Beginning June 1st, 2015, electric mobility scooters, trikes, and other motorized wheelchairs will be subject to the laws governing driving, the same as other users of the road in Magog, Quebec, Canada. Transport Quebec just publicly revealed its pilot project aimed at supervising the conduct of these vehicles that together are labelled as AAM (from the French for “Motorized Mobility Aid”).
In addition to submitting users to regulation, the project gives police officers the power to legally intervene and to give out tickets to rule violators when necessary. “With this bill, the role of AAMs is now much clearer to everyone. Now we just have to inform AAM drivers about the different rules,” indicates police officer Paul Tear, heavily involved in the project’s development over the past few years.
According to the information provided by the Minister of Transportation and the Official Gazette of Quebec, “delinquent” drivers are subject to fines ranging from 30-360 dollars. But the pilot project goes even further in obligating owners of AAMs to report any type of accident to the police, whether it be with a pedestrian, another vehicle of the same type, or even an animal weighing more than 25 kilos.
“Drivers now have obligations that are similar to other users of the road. If they are involved in an accident and do not remain at the scene, they could be accused of a hit-and-run,” Paul Tear explains.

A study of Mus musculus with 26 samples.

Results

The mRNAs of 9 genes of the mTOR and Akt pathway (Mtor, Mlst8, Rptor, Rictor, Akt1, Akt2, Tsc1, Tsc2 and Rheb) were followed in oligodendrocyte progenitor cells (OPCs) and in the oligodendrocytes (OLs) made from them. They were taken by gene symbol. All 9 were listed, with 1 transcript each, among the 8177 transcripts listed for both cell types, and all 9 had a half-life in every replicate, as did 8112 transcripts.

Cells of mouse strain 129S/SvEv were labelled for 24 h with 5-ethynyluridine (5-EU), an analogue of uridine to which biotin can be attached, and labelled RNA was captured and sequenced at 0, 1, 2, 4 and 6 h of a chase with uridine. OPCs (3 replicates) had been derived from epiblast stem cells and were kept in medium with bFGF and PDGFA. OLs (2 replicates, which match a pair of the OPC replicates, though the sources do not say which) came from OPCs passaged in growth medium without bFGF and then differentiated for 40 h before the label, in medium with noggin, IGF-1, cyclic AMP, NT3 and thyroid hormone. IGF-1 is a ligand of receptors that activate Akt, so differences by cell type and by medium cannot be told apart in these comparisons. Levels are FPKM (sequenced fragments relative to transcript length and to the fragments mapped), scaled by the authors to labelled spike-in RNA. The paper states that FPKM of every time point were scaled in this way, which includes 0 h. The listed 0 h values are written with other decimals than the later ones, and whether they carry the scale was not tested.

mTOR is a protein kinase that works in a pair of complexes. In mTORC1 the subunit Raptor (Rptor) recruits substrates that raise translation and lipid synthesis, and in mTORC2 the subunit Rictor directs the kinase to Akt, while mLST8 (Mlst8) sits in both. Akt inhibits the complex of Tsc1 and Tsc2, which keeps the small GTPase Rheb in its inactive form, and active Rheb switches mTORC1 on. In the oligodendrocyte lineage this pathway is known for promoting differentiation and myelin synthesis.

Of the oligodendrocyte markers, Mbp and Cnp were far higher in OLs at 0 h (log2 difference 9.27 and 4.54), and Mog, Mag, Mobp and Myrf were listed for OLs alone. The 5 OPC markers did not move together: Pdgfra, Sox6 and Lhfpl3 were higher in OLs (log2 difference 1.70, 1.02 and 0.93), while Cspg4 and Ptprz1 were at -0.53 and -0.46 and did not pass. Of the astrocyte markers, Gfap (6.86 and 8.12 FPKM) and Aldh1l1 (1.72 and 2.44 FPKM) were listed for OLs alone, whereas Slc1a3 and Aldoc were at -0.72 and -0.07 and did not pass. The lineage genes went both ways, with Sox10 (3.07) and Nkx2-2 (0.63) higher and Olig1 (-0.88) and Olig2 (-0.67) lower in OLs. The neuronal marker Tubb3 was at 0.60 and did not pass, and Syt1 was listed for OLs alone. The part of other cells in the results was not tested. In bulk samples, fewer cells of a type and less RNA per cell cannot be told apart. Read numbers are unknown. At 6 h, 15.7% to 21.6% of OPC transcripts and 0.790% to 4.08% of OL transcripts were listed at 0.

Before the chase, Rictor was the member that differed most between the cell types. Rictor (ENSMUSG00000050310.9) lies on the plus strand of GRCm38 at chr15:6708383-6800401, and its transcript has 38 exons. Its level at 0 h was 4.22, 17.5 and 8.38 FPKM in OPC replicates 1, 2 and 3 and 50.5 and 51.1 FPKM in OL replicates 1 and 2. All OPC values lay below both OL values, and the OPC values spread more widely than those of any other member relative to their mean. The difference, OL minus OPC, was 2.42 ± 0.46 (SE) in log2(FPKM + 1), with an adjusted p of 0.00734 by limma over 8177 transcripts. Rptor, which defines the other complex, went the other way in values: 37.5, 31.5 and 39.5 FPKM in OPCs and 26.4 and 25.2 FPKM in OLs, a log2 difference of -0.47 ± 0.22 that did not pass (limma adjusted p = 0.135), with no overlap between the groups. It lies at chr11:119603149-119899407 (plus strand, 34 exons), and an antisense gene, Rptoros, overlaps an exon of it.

Even though the new law imposes restrictions on users of AAMs, it should make the majority of AAM users happy.
An organization that defends handicapped AAM users, Han-Quadri, has been working on the project since 2007 (along with the Memphrémagog police) and even participated in a study on the habits of AAM users in a small city. Notably, several members contributed to the study by recording their comings and goings with the help of GoPro-style cameras. “They kept some of our recommendations in the plan, like that of requiring pennants and reflectors on scooters and wheelchairs. I am very happy with this pilot project,” says the president of Han-Quadri, Jacques Gaudreau. Among the rules that risk changing certain riders’ habits is one that makes it illegal to have two passengers on an AAM (unless the second person is a child younger than 5 years old, wearing a safety restraint).
Another requires AAM users to ride in the same direction as traffic if there is no sidewalk. “In certain cases, drivers of AAMs will need to act like cyclists, and in other cases, like pedestrians, as they still have the right to ride on the sidewalk. A learning period will be necessary so that everyone can get used to this new law,” says Paul Tear.
In order to familiarize themselves with the new rules, all owners of AAMs are urged to come to an informational session at 1:30 pm on June 10th, at the Moulin parking lot in Magog. Representatives from the Memphrémagog Police and Han-Quadri will be on location to answer all questions.
Do you agree that those using motorized scooters and wheelchairs should be more highly regulated, like cyclists? Or is regulation demeaning to those who use such mobility aids? Does your city regulate the use of AAMs or wheelchair users? Share your thoughts and your city's stories in the comments area below.
Original article, originally published in French, here.